Packaging makes a first and lasting impression on consumers, and, in the beauty business, that impression is everything. In this, the second in a four-part series on contemporary personal care packaging, Cosmetics Design zooms in on top trends in beauty industry packaging with the help of materials and design expert Leslie Sherr.
Packaging trends directly reflect product and consumer trends in the beauty and personal care space. So there’s quite a bit of variation across the industry, explains Sherr: “Fortunately, the world of style and beauty have evolved to a place where individuality is celebrated and the options for how to care for oneself physically are so rich that bodily care is now akin to a personal journey. That breadth is reflected in beauty packaging.”
Sherr points out some overarching trends impacting personal care packaging design:
- sleek and minimal
- organic and handcrafted
- inspired by science
- inspired by ancient natural practices
- ageless beauty
This last is a trend that analysts and experts from every corner of the industry are talking about and one that’s set to be relevant for some time to come.
Some categories, such as luxury skin care, use packaging to communicate not only trends and brand values but also the nuances of how consumers should use each product in a given line. Sherr elaborates: “Among luxury skincare brands that come packaged as a ‘system’ there’s a desire for designs that offer an intuitive understanding of how a product will perform and should be applied.”
Similarly, what Sherr calls ‘dermatology-chic,’ designs are commonly “expressed through glossy surfaces and white-to-silver palettes, emphasizing purity and efficacy.”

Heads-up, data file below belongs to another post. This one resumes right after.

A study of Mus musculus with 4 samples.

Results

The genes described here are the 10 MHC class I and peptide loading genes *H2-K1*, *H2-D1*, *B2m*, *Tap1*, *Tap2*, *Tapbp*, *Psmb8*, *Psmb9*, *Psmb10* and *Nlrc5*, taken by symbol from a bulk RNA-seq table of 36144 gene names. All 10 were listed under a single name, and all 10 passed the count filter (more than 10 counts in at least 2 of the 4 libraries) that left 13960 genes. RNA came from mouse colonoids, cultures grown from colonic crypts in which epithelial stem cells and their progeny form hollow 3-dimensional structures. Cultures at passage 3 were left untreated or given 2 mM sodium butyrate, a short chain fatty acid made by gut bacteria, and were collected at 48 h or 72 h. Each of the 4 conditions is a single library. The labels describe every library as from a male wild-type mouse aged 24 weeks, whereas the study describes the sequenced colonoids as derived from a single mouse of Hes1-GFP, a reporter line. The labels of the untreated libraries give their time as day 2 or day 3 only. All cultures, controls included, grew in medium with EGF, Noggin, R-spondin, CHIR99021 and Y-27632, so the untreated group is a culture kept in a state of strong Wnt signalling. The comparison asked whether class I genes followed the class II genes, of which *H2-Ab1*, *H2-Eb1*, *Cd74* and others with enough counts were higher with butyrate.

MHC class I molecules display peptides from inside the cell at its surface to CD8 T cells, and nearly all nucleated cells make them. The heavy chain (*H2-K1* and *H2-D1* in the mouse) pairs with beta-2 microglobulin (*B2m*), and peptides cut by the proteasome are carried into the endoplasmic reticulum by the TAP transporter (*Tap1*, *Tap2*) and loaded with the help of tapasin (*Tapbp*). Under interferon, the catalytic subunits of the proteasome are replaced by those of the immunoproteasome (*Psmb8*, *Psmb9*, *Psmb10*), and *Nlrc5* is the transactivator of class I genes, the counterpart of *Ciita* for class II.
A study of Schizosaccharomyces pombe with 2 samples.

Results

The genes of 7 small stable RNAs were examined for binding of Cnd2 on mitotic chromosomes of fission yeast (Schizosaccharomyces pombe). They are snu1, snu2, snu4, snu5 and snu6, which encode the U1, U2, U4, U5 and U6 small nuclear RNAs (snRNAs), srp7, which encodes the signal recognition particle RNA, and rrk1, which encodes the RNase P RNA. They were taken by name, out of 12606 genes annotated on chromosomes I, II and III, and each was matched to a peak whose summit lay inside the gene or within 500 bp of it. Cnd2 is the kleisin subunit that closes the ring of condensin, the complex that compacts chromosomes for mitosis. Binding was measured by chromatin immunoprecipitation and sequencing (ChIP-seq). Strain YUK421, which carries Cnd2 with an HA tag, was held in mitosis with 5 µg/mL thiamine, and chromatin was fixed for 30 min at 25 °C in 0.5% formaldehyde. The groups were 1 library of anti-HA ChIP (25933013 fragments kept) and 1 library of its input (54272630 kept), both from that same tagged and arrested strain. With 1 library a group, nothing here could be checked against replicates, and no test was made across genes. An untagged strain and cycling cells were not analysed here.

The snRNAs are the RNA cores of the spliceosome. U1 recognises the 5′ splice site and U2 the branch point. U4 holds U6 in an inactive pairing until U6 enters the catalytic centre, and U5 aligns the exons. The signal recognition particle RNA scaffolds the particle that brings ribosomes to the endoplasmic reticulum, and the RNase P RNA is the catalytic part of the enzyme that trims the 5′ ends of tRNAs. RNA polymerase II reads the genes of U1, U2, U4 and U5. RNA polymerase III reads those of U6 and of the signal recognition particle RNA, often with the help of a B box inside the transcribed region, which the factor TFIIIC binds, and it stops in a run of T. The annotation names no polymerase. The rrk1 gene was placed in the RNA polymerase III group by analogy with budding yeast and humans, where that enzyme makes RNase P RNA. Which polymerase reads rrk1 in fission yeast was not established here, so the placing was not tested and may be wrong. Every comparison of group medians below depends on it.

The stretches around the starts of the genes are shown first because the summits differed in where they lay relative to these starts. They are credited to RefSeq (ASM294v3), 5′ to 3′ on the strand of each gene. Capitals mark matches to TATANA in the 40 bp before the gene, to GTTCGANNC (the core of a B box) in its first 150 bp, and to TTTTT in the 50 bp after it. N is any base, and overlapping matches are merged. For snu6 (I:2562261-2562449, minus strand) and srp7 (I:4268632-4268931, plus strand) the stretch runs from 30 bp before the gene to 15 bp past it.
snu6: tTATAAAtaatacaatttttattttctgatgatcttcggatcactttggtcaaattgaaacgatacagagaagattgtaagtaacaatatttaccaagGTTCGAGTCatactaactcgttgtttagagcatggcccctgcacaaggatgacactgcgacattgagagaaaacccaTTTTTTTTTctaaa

Sherr has good advice for brands hoping to choose on-trend packaging materials. “Good classic design lasts; trends do not. The real question is, What’s right for the brand, how are its core values are expressed through a material palette?”
She continues, “materials must be appropriate to the ideas and activities that they represent. By the same token, their use and application must also be considered.”
In the end, “the most successful designs take the long view so that they are contemporary enough to reflect their moment yet not so trendy as to appear dated before their time,” Sherr notes. “As the saying goes, ‘Nothing dulls faster than the cutting edge.’”
When asked for her prediction about the future of beauty packaging Sherr says that in luxury, less will soon be more.
Beauty consumers at all levels of the market are making more conscientious purchasing decisions when it comes to the environment. Sherr affirms that, “consumers want to feel good about their choices.” Indeed, no one wants to feel guilty or wasteful when choosing a product.
“Luxury,” she tells Cosmetics Design, “no longer needs to be conveyed through multiple layers of packaging. So look for an overall reduction in secondary packaging.”
In tomorrow’s instalment of this four-part Cosmetics and Personal Care Packaging series, Cosmetics Design explores surprising sources for inspiration and how tiny tech is impacting beauty packaging.
Read part one, Cosmetics and Personal Care Packaging: material solutions.